For persons who have studied economics, it is rather appalling to see the recent revival of interest in John Maynard Keynes, a ridiculous figure whose life work was totally—even universally—discredited more than two generations ago.
Between the mid-1960’s and the late-1970’s, Keynes’s theories were completely repudiated and his reputation left in tatters. The amazing thing was that it took over thirty years for economics scholars fully to assess and finally to dismiss Keynes’s work.
For practical purposes, the jig was already up when Richard Nixon uttered his immortal line, “We are all Keynesians now”. More than anything, Nixon’s clueless dictum signaled that Keynesian economic theories were already on their deathbeds, even if Nixon himself was too obtuse to realize it.
Whoever might have believed, as recent as five years ago, that persons who should know better might one day consider Keynesian policies a sensible course for this nation to pursue?
Of course, persons who now are calling for Keynesian policies are ideologues, and idiots, but that does not make reading Keynesian hogwash any less jarring.
It is ironic—but somehow fitting—that lower classes do all the suffering when Keynesian policies are implemented. As my father gleefully says, “If the lower classes want Keynesian policies, then by all means let’s give them Keynesian policies!”
Of course, everyone knows how Keynesian policies work out in the end: the lower classes lose their jobs, and credit, and homes, and everything else. We have, after all, been through this before.
The Austrian School Of Economics had Keynes’s number from day one—and was always quick to point out that the suffering under an application of Keynesian theories was destined to fall exclusively upon the lower classes.
From the early 1930’s, The Austrian School began issuing missives from Vienna, citing innumerable and fundamental fallacies in Keynes’s work and predicting the inevitable and disastrous results of Keynesian policies. The Austrian School was an insufferable thorn in Keynes’s side.
Alas, by the time of the Anschluss in 1938, The Austrian School had been dispersed, a victim first of anti-Semitism in the Europe of the 1930’s and later a victim of Hitler’s takeover of Austria.
Between 1933 and 1938, most economists from The Austrian School came straight to the U.S., but a few landed first in Britain, emigrating to the U.S. only after the war. This latter group was appalled at The British School Of Economics, totally in thrall at the time to the various insanities of Keynes. The Austrians could not tolerate for any length of time the lack of academic freedom in Oxford, Cambridge and the LSE, where Keynesian dogma was the only line of thought allowed. They were to seek greener pastures as soon as circumstances allowed.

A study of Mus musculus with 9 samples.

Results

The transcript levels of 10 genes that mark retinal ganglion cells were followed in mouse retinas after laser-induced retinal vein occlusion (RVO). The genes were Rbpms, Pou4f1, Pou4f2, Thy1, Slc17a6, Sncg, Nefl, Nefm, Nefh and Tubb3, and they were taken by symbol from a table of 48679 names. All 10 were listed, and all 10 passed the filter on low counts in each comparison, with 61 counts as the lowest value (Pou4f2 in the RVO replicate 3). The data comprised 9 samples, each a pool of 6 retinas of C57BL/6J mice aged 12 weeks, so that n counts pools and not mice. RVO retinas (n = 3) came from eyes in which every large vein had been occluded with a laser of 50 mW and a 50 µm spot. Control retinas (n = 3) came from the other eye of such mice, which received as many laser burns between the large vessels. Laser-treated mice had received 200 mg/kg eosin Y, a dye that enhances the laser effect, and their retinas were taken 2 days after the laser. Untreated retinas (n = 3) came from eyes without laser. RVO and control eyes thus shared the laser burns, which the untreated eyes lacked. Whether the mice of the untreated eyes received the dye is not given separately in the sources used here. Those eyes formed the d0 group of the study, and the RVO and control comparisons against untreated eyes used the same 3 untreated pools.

Thank God these giants came to the U.S.
It is always amusing to read decades-old assessments of Keynes by The Austrian School. The Austrian School had fully demolished Keynes by the end of the 1930’s, before The Austrian School was even dispersed. However, it was not until the mid-1950’s that The Austrian School gained influence in the world of American academia and began the process of rendering Keynes moot to the world at large, first in colleges and universities and, over the following twenty years, in the worlds of business and politics.
The odious Richard Nixon was probably the last person on earth to grasp that Keynes’s theories were dead. Keynes had created nothing but one more insane ideology emanating from that insane decade of insane ideologies, the 1930’s—but an insane ideology that, unlike Fascism, did not die with the end of World War II. Keynesianism took somewhat longer to kill.
And now we witness the attempted resurrection of Keynes’s "evil and vulgar" doctrines.
It’s time to call in the Austrians.
Below are some delicious quotes from The Austrian School on Keynes.
The words are not so clumsy in the original German as they are in English.
A dictum of Lord Keynes: In the long run we are all dead. I do not question the truth of this statement; I even consider it as the only correct declaration of the neo-British Cambridge school.
For what many people have admiringly called Keynes's brilliance of style and mastery of language were, in fact, cheap rhetorical tricks.
Keynes did not teach us how to perform the miracle of turning a stone into bread, but the not-at-all miraculous procedure of eating the seed corn.
What he really did was to write an apology for the prevailing policies of governments.
The essence of Keynesianism is its complete failure to conceive the roles that saving and capital accumulation play in the improvement of economic conditions.
In old-fashioned language, Keynes proposed cheating the workers.
Keynes did not add any new idea to the body of inflationist fallacies, a thousand times refuted by economists. He merely knew how to cloak the plea for inflation and credit expansion in the sophisticated terminology of mathematical economics.
The fallacies implied in the Keynesian full-employment doctrine are, in new attire, essentially the same errors which [Adam] Smith and [Jean Baptiste] Say long since demolished.
This is all going to end very, very badly—but at least the current occupant of the White House, if nothing else, is busily paving the way for the next Ronald Reagan.
There is, as always, a silver lining.